Older persons in Uganda will be represented in 11th Parliament if the House approves a motion in which the government is expected to table after Cabinet approved their request on Monday.
The motion that is expected to be tabled by Justice and Constitutional Affairs Minister Prof Ephraim Kamuntu soon, if approved, could see the older persons in Uganda elect five MPs to represent their interest in the House as part of the affirmative action given to interest groups.
The interest groups, each having five MPs in the House are the youth, the workers and the persons with disabilities.
The Cabinet sitting on Monday approved the request that was tabled by Mr Frank Tumwebaze, the Minister for Labour, Gender and Social Development.
Sources in Cabinet told Daily Monitor that Mr Tumwebaze argued that it is long overdue for the elderly to be represented in Parliament despite the fact that they are part of the Special Interest Groups (SIPs) provided for in the Constitution.
Arguing his case, sources said, Mr Tumwebaze told his colleagues that legislation in Parliament has always been short of the knowledge, skills, expertise and wisdom that would be “accruing from older persons by virtue of experience”. He also said the issues affecting the older persons have not been profiled and deliberated on.
Mr Tumwebaze told Daily Monitor yesterday that if the elderly elect their own MPs, their issues will be transmitted from the local government level where they are represented to the national level where key decisions are made.
“We decided as a ministry to present the issue to Cabinet because there is a National Elders Council established by an Act of Parliament. The same Act of Parliament provides for affirmative action, equity and effective representation,” Mr Tumwebaze said.
The minister said over the years, the older persons have “clamoured for representation” in Parliament because they are a special interest group like others that enjoy Constitutional rights.
Criteria of election
Asked about what will be the criteria of electing MPs for the elderly, the minister said, the same procedure of electing the youths and PWDs MPs through the established political structures will be followed. He, however, did not reveal the exact age that will be followed to make a cut off point for one to contest as an MP for the elderly.
“They will be elected at regional level and one national representative. But one of these MPs for the older persons must be a woman as a way of promoting gender equality. This does not cap the number of women among the five MPs,” he said.
Sources in Cabinet also indicated that President Museveni was in support of the proposal to have MPs for the elderly.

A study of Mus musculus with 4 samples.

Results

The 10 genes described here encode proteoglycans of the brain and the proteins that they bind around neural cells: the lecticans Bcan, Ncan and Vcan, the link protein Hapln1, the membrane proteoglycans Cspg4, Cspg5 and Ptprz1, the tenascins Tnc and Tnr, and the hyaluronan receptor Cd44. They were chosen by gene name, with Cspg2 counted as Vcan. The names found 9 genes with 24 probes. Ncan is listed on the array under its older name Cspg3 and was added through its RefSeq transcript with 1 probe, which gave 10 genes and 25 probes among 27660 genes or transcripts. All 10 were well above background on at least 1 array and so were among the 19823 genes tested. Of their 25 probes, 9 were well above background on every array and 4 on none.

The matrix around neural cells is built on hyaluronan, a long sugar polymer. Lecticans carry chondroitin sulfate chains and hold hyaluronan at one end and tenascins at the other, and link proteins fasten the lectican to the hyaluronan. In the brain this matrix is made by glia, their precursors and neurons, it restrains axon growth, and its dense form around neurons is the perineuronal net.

The President, who said the older persons have been requesting him for consideration, was quoted as telling Ministers: “They have a wealth of knowledge that can be shared with young legislators. They can now put on table their concerns as elderly being a unique group in the society.”
The district councils have two representatives for the elderly after they were first elected in 2016 General Election.
MPs numbers soar
The approval of the five slots for MPs for the elderly comes at a time when Parliament is expected within the next two weeks to receive a harmonised list of constituencies the Ministry of Local government is supposed to table.
Last week, MPs opposed the creation of 15 constituencies across the country questioning why requests from other parts of the country had been ignored by Local Government Minister Raphael Magyezi.
The minister after tabling the 15 proposed constituencies read to Parliament 31 others that a team in his ministry was still studying after not meeting the laid parameters at the time. If the minister succumbs to pressure and considers the 31 in his new motion, the number of new constituencies would raise to 46.
There are also seven cities that became operational on July 1 that will send in at least seven new MPs. Apart from Jinja which had two MPs in the 10th Parliament as a Municipality. Arua, Mbabara, Fort portal, Gulu, Mbale, and Masaka will send in two MPs, each after being given two constituencies.
Currently, there are 457 MPs in the House with 12 of them being ex-officio, meaning the elected legislators are 445.
This means the number of elected MPs in the 11th Parliament may rise to 514, with the new five slots for older persons, the 12 woman MPs for new districts that have become operational between July 1, 2018 and July 1 this year, and, the seven from the new cities, and the 46 constituencies already requested for.